Managing Money

Giving Income Streams New Jobs

August 22, 2012

I’m a huge numbers nerd. That’s part of the reason The Family CEO came into being.

I love check registers and calculators and spreadsheets. I’ve worked as a bookkeeper, a credit analyst and a business manager. My college major was business and finance was my favorite class.

And I just bought this new toy because I hate that my MAC keyboard doesn’t have a 10-key.

Now that I’ve established my number nerd credentials, let me say that I hate to budget. Hate it.

Or rather I hate following budgets. I like making up them up just fine. I enjoy it even.

But sticking to budgets? It makes me feel cranky and claustrophobic and I’ve never been successful at it.

Unbudgeting: Putting Income Streams to Work

So budgeting hasn’t been working for me, but another form of money management has. That is identifying different streams of income and giving each of them a job to do.

We have one major source of income and that is my husband’s business income. That income is responsible for our day to day expenses.

Beyond this primary source of income, we have three smaller sources of income and they’ve each been given a job. Up until now it has looked like this:

  • My freelance income (Writing, Blogging, and Marketing Online) –> Used to cash flow college for our daughter.
  • My bookkeeping income –> Originally applied to savings for a used car, then diverted to extra debt payments after the car was bought.
  • Found Money –> Extra debt payments.

But we now find ourselves in a new place where we are no longer focused on debt reduction. We have two debts left — mortgage debt and a car loan at .9% interest — and we’re content to let those pay off according to schedule, at least for now.

So it’s time to give the bookkeeping and found money income streams some different jobs to do.

Photo by Grant Mayfield

Choosing new jobs for this money wasn’t easy. There are so many places for money to go.

But I’ve learned that if I don’t specifically give the money a job, it will disappear into our checking account and get spent on who knows what. So I’ve decided on two new jobs for those two income streams:

  • Bookkeeping Income –> College savings for my son.
  • Found Money –> A beefed up emergency fund.

My son is beginning his junior year in high school. He and my daughter are four years apart and won’t be in college at the same time. The money we’re using to cashflow her college costs will be switched over to him when she graduates from college and he enters it. That’s all good.

We also have a little more saved for him than we did for her and we’ll be kissing Parochial school tuition goodbye when he graduates high school. On paper, we should be okay for his college.

But I’d like to have a little more of a head start on his expenses. So now seems like a good time to divert that bookkeeping income stream into college savings just to give us more of a cushion.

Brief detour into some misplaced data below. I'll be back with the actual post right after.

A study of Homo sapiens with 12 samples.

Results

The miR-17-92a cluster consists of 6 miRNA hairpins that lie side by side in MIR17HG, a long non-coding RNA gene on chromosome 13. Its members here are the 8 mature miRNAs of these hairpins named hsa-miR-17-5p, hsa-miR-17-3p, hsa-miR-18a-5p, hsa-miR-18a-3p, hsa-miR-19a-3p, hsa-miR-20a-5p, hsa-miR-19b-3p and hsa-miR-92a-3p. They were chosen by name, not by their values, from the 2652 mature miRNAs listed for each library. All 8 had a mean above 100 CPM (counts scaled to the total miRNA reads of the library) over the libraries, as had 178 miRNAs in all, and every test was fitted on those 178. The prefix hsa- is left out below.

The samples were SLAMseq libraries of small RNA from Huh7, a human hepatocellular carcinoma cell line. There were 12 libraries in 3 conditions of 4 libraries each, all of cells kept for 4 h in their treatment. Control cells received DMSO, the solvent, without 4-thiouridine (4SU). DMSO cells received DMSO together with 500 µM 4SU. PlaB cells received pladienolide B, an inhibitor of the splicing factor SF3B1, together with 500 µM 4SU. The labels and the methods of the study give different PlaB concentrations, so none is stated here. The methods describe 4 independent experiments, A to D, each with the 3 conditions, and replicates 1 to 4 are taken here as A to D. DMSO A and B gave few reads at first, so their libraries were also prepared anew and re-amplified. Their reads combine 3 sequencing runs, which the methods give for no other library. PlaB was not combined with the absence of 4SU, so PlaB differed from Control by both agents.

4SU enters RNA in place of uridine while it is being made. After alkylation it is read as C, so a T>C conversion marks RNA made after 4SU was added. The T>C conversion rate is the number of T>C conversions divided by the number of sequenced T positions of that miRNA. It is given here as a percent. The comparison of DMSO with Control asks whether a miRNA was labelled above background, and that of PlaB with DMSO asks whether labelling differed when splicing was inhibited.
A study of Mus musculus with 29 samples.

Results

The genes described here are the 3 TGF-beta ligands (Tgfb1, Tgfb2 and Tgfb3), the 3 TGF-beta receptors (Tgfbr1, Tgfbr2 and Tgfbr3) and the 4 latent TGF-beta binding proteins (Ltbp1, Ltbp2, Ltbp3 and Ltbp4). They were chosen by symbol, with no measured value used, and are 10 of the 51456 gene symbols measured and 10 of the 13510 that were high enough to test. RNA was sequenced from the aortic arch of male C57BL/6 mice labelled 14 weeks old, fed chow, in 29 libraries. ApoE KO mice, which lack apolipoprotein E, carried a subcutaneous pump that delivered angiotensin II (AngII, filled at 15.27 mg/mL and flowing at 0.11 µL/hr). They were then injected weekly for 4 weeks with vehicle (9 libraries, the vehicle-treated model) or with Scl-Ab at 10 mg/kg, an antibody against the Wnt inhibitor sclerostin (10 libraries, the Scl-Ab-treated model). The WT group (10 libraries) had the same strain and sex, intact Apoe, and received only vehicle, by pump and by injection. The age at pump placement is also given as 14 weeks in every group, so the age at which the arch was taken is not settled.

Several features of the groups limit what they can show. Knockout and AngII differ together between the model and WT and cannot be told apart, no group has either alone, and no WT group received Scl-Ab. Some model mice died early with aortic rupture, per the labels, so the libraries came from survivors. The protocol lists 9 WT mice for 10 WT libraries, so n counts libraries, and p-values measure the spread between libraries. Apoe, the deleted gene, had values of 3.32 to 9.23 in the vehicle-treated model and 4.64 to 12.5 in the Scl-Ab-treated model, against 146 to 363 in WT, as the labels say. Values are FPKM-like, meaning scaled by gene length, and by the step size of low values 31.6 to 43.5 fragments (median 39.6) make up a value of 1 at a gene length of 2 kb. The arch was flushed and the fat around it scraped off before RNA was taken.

And any found money (found money is explained here) will now be directed to our general savings/emergency fund.  The $393 I “found” in July is there, and I’ve been able to add to it the following:

  • $250 in reimbursements from a golf tournament my husband played in (He paid the entry fees for all the players and they reimbursed him.)
  • $14.40 in Amazon book sales
  • $125 in anniversary gifts (We have wonderful parents!)
  • $38 refund from the eye doctor for an overpayment
  • $28.23 property tax refund for the old car

That totals $848.63 in found money that has beefed up our savings account.

This managing of income streams does not feel like budgeting to me. I enjoy watching small amounts of accumulate in savings or whittle away debt. And it’s fun to look for new sources of found money. Most importantly, this new way of looking at money has helped us make real financial progress in important areas like paying down debt, saving for college, and building up an emergency fund.

Are you a budget nerd? Or would you rather have dental work done that make/follow a budget? Weigh in in the comments!

This post is part of Works for Me WednesdayPenny Pinching Party, and Frugal Friday.


  1. I am terrible at sticking to our budget also, and it scares me. Any advice on how to feel better about money? My husband also gets ‘claustrophobic’ like you said when I try to involve him. I think about this way too much and feel like I just can’t make any progress!

  2. Thanks for this great idea. I hate budgeting. I get a sick feeling as it starts to remind me of relatives who were terribly stingy when growing up. And all the obsession with money from family history. I need to be able to manage stuff but not be made sick by it! Anyway, i love this idea and i am implementing it immediately. thanks!

    1. Krista, I’m glad you found the idea helpful. Let me know how it goes! Money does come with so much baggage sometimes.

  3. Thanks so much for this! You’re the only other person I’ve encountered who really enjoyed MAKING a budget, but not FOLLOWING it so much! Great ideas. :)

  4. I’d rather make/follow a budget than the dental work (but dental work is scary and could be expensive!). However, I do find it a frustrating task and love the change the perspective approach you have here.

  5. I really like this strategy. I’m also great at coming up with figures for my so-called budget, but I have a really difficult time sticking to it. If I could instead give my side-incomes a “job” I’m guessing I’d do much better meeting my savings goal. Great tip!